Twitter Acquires Android Lockscreen App Cover, Moves Deeper Into Mobile Services


“If that changes down the road, we’ll provide another update here,” the founders Todd Jackson, Gordon Luk and Edward Ho note in a blog post announcing the deal.

You can read Josh’s review of how Cover works here.

Cover is being somewhat cryptic in discussing what it will be working on at Twitter. “Twitter, like Cover, believes in the incredible potential of Android,” they write. “They share our vision that smartphones can be a lot smarter — more useful and more contextual — and together we’re going to make that happen. We’ll be building upon a lot of what makes Cover great, and we’re thrilled to create something even better at Twitter.”

At the same time, when you consider the work that Facebook has done in developing its Home service around the Android lockscreen, it’s clear that on some level, if an app is not owning the SIM that controls the entire phone, or the operating system, this is one very obvious way to remain front of mind for a user and incorporate a series of services that become front and center features for a user.

Apps are an overcrowded game. So owning the lockscreen gives you, effectively, a place to be first in the queue. It also gives Twitter some interesting potential routes for how it might longer-term try to deliver its stream of followers’ new and messages outside of its own app. Widgets featuring Twitter, Facebook, Pinterest and other streams are already quite common; Cover could work on ways to formalise and improve that experience.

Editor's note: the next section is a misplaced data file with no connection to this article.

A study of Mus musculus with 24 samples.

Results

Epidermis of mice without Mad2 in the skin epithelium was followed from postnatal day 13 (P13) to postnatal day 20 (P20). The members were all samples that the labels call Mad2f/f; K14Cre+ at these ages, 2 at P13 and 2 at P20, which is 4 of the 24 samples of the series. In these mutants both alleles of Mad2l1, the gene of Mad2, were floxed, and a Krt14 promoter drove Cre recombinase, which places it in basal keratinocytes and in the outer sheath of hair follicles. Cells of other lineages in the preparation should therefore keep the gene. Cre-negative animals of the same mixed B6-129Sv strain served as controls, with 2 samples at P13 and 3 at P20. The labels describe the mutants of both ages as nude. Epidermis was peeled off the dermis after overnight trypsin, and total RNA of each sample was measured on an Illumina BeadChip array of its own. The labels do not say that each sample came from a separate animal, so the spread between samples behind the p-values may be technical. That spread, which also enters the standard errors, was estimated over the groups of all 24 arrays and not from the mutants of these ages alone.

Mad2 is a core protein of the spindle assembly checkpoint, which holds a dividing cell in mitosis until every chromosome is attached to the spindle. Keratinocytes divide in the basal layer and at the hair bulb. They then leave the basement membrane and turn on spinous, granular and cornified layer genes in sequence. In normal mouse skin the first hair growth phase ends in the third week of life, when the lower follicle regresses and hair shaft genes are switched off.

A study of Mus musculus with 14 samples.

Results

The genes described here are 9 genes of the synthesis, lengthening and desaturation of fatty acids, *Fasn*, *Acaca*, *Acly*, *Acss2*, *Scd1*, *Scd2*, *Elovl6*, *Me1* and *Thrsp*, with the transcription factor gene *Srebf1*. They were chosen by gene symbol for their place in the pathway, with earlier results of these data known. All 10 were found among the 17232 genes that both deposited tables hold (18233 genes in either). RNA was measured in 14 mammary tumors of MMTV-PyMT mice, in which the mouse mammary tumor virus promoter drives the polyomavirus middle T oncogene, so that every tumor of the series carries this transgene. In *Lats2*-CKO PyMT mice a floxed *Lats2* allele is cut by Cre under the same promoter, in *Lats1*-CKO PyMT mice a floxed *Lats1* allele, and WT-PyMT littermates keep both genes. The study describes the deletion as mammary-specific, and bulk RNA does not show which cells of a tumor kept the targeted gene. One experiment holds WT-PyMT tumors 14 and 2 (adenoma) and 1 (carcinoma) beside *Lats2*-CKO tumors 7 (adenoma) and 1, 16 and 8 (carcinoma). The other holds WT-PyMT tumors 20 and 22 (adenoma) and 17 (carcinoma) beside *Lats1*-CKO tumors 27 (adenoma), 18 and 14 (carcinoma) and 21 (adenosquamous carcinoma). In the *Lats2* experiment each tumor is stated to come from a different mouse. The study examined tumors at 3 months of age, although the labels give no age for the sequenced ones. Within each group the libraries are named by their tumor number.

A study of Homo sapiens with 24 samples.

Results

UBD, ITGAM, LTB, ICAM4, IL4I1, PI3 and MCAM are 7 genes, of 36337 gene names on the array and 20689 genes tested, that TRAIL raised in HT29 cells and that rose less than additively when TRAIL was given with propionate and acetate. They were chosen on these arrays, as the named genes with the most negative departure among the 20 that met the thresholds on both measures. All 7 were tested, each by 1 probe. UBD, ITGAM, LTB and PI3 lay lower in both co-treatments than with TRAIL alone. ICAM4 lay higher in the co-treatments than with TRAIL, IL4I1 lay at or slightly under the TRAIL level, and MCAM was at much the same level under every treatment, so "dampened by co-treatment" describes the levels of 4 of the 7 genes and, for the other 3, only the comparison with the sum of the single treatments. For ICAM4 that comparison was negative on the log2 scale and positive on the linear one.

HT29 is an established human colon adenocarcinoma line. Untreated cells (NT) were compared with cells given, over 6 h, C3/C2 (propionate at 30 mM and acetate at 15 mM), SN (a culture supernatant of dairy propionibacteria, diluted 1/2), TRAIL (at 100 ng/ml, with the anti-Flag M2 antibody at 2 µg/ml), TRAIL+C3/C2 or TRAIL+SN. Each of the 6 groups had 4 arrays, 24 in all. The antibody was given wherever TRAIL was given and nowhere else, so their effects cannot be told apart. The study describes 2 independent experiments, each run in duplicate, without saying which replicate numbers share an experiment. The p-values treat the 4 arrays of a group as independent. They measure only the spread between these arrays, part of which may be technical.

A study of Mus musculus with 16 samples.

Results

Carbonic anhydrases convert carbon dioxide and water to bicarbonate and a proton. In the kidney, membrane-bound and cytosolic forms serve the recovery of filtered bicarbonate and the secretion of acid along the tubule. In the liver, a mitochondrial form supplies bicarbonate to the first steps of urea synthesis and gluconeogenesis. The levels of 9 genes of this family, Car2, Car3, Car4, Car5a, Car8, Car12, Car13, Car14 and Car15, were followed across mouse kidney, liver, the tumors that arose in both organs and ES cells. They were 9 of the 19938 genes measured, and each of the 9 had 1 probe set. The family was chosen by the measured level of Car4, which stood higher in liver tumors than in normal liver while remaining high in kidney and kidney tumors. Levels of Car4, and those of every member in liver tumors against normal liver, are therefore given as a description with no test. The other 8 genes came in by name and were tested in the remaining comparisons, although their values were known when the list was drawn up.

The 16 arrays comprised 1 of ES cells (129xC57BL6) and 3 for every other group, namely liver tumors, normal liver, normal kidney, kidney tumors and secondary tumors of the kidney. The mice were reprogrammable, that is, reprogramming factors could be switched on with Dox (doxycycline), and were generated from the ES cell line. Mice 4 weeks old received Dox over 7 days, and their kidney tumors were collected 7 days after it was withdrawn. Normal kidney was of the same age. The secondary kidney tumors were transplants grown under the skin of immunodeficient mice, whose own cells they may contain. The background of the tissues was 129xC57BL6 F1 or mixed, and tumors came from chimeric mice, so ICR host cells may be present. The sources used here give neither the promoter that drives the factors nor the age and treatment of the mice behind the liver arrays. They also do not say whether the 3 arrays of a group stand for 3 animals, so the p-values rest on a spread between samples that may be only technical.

It’s an area that others are eyeing up, too: Yahoo earlier this year acquired Aviate, which helps users customise their Android homescreens, for reportedly $80 million.

One question that lingers for me is how, when, and if companies like Twitter (and Facebook) will ever be able to think about these problems in the same way on iOS.

More generally, mobile has become a huge business for Twitter. Apart from the fact that Twitter was created as a mobile-first service, Twitter generates more in advertising from mobile than it does from desktop. Cover, meanwhile, says it has picked up “hundreds of thousands” of users since launching in October 2013.

To date, Cover had raised $1.7 million in funding, a seed round from First Round Capital, Harrison Metal, Max Levchin, Scott Banister, Charlie Cheever, Keith Rabois, Dave Girouard and Alex Franz.